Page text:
Whether you have a few people that telecommute to the office or a huge virtual team, remote employees are now the norm.
It can be a challenge not only to find reliable remote employees but also to effectively manage your team from afar.
Employees and leaders need to understand their roles, be motivated to work hard and communicate with other team members. It’s also essential to understand that certain industries lend themselves better to remote opportunities.
For example, an insurance company may have Customer Service Reps, Claims Specialists, Auditors, Underwriters and more working successfully from anywhere in the world while pharmaceutical sales reps may need more face-to-face interaction with clients.
Here are five ways to develop your remote leadership skills and make managing your team less stressful:
1. Schedule regular meetings
If you have contractors or employees, having meetings once a week or once every few weeks lets your remote team provide updates and ask questions.
It’s a great way to get to know your team better and encourage an open dialogue. You’ll get a sense of how your leadership development plan is unfolding and be able to make changes that benefit your company.
Worried about long-distance telephone charges? Use a tool like Zoom, a free video conferencing tool that makes it a breeze for everyone to connect.
Here at eVision Media, we use DISCORD for team communications.
2. Don’t forget your company culture
Just because you don’t have an office full of employees doesn’t mean you can’t have a strong company culture.
Share your company vision, mission statement and goals with your employees. Let them contribute as much as possible to your corporate identity and value their skills and strengths.
You may even notice that some of your employees have leadership qualities and you can help them pursue leadership training if they’re interested.
If your employees live close enough to connect in person, organize a company event. Whether it’s a barbecue, bowling or holiday party, you’ll get to know your people better and give everyone a sense of inclusion and company culture.
3. Set clear expectations
Employees in an office have a clear idea of work hours, rules and guidelines but remote employees may not. Adding to the difficulty: your remote employees may be in different time zones.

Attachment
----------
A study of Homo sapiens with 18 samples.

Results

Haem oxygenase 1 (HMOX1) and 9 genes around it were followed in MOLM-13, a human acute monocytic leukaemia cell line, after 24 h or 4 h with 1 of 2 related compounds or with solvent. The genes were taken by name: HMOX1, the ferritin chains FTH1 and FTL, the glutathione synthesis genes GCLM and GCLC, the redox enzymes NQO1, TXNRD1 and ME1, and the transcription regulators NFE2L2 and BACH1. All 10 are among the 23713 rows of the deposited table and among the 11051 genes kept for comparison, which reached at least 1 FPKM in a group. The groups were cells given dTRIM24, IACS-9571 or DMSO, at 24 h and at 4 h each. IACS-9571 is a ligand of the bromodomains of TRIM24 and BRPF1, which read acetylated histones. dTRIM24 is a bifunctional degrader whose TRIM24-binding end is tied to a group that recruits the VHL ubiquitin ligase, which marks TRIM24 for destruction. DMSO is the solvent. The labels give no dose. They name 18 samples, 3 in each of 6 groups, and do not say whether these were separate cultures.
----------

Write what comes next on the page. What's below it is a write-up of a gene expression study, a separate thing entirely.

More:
As part of your leadership development plan, consider your business needs and think about what you can reasonably expect from employees. For example:
- All emails must be responded to within 24 hours
- Employees don’t need to respond to emails or work on weekends
- Weekly hours must be submitted by Thursday evening for payroll
4. Use a time-tracking tool
As a small business owner you need to focus on maximizing productivity. A time-tracking tool will help employees stay accountable and let you review their performance.
Not only that, but a time-tracking tool such as AccountSight or Hubstaff will make doing payroll much easier. You’ll have to-the-minute data of how much time each employee is spending on tasks.
Time-tracking tools also help employees by saving them the hassle of manually tracking time and helping them focus on one task at a time rather than getting distracted.
We use Toggl to track our time when working on client projects.
5. Be organized yet flexible
While you have certain expectations of your staff and need them to meet deadlines, respect how your employees work best.
Some people need to ask more questions than others. Some employees like to brainstorm with other team members, while others like to work alone. Some contractors may benefit from leadership training, while others aren’t interested in expanding their role.
In addition to weekly or bi-weekly meetings, have simple ways your remote employees can reach you—whether it’s by text or online messaging. Encourage communication and make it easy for your employees to get a hold of you with questions or concerns.
This is a learning process for you too! Consider it on-the-field leadership training. Managing your remote team can be hard at first and there will always be challenges along the way.
If something isn’t working, change it. Listen to your employees’ feedback and use it to improve.
DISCLAIMER: This article expresses my own ideas and opinions. Any information I have shared are from sources that I believe to be reliable and accurate. I did not receive any financial compensation for writing this post, nor do I own any shares in any company I’ve mentioned. I encourage any reader to do their own diligent research first before making any investment decisions.